I came across The Harry Potter Automatic News Aggregator, which made me think if topic-based aggregators are the way of the future. It is a point also made briefly by Ted Leung, who says: “There’s a role here for topics and categories. People have been talking about topical weblogs but I’m not sure I’m ready to go that far. I am more than happy to have topical aggregators like JavaBlogs or SeaBlogs, etc. where I can go to trawl for new bits.”
Adam Bosworth writes: “Web services holds the potential to change all this and the rapid rise of mobile computing and occasionally connected laptops is going to help drive the changes. The world is now holding its breath for a zero-install cross platform browser that talks web services to the net, not HTML.”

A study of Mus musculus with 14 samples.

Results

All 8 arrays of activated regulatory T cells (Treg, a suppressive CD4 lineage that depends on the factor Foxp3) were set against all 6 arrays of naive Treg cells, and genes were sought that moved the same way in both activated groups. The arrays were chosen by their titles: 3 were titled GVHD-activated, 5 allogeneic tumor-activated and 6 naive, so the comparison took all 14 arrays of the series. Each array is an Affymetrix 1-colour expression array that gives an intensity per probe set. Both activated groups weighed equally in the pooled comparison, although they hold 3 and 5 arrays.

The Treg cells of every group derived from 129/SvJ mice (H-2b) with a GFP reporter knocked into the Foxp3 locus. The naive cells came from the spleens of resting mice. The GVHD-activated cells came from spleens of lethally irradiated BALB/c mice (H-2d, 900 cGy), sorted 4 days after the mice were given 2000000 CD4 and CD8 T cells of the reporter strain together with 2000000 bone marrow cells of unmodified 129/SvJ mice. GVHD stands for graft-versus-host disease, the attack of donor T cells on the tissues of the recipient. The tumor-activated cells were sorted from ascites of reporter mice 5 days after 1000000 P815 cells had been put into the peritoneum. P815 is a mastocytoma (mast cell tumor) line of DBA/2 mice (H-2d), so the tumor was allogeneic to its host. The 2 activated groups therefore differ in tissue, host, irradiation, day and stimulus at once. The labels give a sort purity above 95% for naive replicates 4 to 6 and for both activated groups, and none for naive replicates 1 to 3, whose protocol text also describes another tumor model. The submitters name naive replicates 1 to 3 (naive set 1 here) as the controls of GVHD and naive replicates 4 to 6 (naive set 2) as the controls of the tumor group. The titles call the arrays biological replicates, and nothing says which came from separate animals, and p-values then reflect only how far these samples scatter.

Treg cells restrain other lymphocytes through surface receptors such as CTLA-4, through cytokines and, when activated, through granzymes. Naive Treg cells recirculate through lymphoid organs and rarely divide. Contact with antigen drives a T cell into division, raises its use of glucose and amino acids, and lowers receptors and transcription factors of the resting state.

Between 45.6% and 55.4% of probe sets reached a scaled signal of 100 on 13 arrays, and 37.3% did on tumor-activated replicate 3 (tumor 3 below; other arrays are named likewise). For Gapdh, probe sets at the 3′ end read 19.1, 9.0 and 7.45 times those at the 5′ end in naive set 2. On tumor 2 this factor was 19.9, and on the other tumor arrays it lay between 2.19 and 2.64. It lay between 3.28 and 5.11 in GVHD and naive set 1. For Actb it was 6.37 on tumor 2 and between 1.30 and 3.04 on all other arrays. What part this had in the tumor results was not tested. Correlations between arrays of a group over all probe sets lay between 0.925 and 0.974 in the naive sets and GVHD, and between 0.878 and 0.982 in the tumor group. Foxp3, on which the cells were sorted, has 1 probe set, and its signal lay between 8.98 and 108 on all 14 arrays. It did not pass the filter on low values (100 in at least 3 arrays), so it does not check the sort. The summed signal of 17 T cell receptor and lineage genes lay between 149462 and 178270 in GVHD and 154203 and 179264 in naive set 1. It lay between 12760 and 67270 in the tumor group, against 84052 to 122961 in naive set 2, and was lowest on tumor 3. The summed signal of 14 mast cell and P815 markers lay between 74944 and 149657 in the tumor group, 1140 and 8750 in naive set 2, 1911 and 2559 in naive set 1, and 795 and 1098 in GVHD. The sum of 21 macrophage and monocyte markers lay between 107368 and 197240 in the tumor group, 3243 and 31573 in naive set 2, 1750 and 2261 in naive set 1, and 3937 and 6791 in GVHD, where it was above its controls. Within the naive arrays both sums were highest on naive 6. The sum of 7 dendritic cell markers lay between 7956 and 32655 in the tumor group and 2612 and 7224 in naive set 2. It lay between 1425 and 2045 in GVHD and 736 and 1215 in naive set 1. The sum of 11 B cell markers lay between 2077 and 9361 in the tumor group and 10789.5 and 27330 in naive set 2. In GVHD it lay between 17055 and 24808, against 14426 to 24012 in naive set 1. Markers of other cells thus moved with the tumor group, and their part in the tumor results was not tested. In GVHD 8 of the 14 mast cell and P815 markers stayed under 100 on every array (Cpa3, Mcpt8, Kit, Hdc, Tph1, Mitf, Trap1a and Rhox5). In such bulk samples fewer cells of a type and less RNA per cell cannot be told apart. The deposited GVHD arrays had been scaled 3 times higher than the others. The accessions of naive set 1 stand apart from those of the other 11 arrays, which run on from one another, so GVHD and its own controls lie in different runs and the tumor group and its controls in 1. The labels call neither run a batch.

This is where the microcontent client comes in. A related point echoed by Steve Gillmor: “We need something very much like an RSS information router, one with authenticated searchable persistence, shared cacheable peered feed notification servers, and automated RSS registration.”
Vikas Kamat writes on the requirements of a knowledge management solution, based around blogs:
A K-Log system must have categorization — this can be human specified (like in Movable-Type), or automated via a content classification engine (CCE).
Full-text search is also essential to dissimilate the knowledge.
Chronological organization of posts is quite useless in a K-Log. Rather, organization by importance (most important), relevancy (post popular), author, and whether peer-reviewed or not, are more important.
At all the installations, the customers asked a search by Last-Updated feature. This tells many things (more below)
Knowledge is not equal — some posts must be available only to some eyes.
As absurd as it might sound, nicely printing the blog post is very important. I have seen executives go to meetings with thick stack of blog printouts!
Would to good to take a look at Vikas’ SimplyBlog software.